On the Value of Defensive Patent Filings in China

Mark Perkiss, writing for the Trenton Times on December 18, 2005 details the problems faced by Fiber Optic Designs when they contracted with Chinese manufacturers, under confidentiality agreements, to make their Forever Bright lights:

The company's dealings with Chinese manufacturing firms began well. As U.S. and Canadian sales of the LED lights grew, Fiber Optic Designs contracted with a second Chinese manufacturing company and then a third to increase production. That third company, which Allen and Bruno refuse to name, liked Allen's design. In fact, it liked the design so much that in 2003 it filed an application for a Chinese patent on the lantern design of the covering of the LED lights [after FOD had filed its own patent application in the U.S.].

. . . To demonstrate prior invention of the lantern design, the company tried to submit a copy of The Times from December 2001, which carried a story detailing the design in question. "The problem is, you cannot just submit the newspaper. They do not accept that as evidence," Bruno said. "You have to get a notary to attest that it is a genuine newspaper from the date in question," he said. "Then, you need to get a state judge to certify that the notary is a licensed professional in good standing. Then, you need to get a state agency to certify that the judge you used is, in fact, a judge. Then, you need to get the U.S. State Department to certify that the certifying state agency is legitimate. Then, you need to get the State Department to present the document to the Chinese embassy in Washington and you need to have the Chinese embassy certify that it received the document from a state department official that it recognizes as legitimate.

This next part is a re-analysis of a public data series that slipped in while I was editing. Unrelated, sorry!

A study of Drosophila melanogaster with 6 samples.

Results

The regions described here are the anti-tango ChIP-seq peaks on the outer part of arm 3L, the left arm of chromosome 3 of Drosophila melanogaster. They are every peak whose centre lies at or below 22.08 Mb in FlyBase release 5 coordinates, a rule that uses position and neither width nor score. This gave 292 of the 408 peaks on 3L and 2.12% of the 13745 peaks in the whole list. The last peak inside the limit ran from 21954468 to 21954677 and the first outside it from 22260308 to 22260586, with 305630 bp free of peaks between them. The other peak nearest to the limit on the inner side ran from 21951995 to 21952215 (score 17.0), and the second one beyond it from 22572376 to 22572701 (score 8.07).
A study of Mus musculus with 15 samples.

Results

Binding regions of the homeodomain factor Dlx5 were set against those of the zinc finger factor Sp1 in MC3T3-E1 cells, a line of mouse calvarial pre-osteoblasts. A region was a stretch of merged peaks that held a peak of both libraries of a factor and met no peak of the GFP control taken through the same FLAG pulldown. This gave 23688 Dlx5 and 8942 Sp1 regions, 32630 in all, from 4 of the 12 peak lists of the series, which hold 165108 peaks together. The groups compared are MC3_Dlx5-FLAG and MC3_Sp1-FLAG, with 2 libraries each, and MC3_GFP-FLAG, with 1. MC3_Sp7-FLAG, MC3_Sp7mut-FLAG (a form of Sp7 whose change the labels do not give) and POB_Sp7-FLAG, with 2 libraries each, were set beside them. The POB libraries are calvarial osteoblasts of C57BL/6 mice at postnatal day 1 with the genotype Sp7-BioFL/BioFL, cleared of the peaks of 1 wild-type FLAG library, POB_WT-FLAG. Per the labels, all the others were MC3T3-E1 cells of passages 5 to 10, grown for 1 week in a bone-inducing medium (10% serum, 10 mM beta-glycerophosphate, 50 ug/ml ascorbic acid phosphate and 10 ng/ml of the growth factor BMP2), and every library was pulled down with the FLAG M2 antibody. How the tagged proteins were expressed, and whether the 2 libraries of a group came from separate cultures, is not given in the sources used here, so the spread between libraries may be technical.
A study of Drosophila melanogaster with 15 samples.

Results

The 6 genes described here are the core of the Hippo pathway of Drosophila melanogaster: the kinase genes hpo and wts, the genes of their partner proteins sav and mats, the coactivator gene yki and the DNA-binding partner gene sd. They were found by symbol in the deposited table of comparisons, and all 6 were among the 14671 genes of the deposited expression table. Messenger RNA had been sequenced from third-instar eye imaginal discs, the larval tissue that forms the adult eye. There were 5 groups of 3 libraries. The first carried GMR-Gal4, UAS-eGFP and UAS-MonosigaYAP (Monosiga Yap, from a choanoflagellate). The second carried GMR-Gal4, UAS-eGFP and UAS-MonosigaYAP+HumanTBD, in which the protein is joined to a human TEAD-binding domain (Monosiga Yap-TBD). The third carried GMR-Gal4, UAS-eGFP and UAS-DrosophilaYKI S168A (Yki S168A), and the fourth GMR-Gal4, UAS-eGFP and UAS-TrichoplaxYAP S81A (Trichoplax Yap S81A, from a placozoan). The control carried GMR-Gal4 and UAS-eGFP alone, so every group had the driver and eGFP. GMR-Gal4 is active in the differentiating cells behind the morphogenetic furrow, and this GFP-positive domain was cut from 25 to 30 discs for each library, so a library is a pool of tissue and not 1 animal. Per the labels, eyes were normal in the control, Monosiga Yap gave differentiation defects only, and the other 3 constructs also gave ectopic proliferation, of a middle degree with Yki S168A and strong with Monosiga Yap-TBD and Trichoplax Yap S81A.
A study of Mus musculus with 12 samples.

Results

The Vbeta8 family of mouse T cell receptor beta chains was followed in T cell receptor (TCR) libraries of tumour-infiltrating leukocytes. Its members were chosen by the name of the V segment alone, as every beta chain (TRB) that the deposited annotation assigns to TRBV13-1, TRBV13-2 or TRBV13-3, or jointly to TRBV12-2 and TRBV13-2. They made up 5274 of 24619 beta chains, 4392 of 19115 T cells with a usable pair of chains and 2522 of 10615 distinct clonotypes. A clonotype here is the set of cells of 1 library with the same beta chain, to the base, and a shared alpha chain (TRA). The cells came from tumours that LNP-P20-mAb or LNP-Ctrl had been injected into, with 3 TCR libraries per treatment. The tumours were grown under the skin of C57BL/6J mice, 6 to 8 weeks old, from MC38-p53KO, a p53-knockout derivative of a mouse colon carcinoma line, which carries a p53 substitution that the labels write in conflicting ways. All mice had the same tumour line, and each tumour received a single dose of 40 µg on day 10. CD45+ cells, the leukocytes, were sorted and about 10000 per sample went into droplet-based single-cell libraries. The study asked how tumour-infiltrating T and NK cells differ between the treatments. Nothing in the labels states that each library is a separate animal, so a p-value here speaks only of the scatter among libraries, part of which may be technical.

Allen said the company spent about $50,000 to successfully overturn the patent granted to the Chinese manufacturer.

Most patent attorneys would agree that Fiber Optics could have avoided the problem by filing for patent protection in China. However,

"The problem is that's a lengthy and costly process," said Sabrina Safrin,
of the Rutgers-Newark School of Law. "This company took a risk,
which many companies do, in not getting a patent in every jurisdiction. In their
defense, however, you would not expect someone to patent your invention in the
country where your invention is being manufactured."

In fact, it generally costs about $6,000 for a U.S. company to obtain a patent in China, with another $14,000 in maintance fee costs paid over the 20-year life of the patent. Although it can still be quite difficult to enforce a Chinese patent, the patent will serve as defensive prior (preventing a Chinese supplier from getting the same patent) even if the maintenance fees go unpaid and the patent is no longer enforceable.

As noted by Lawrence Ebert in his IPBiz Blog, "the first lesson is that non-disclosure agreements are not of great value, certainly not in China, and not even especially valuable in the US. The second lesson is that getting a patent application on file is what counts."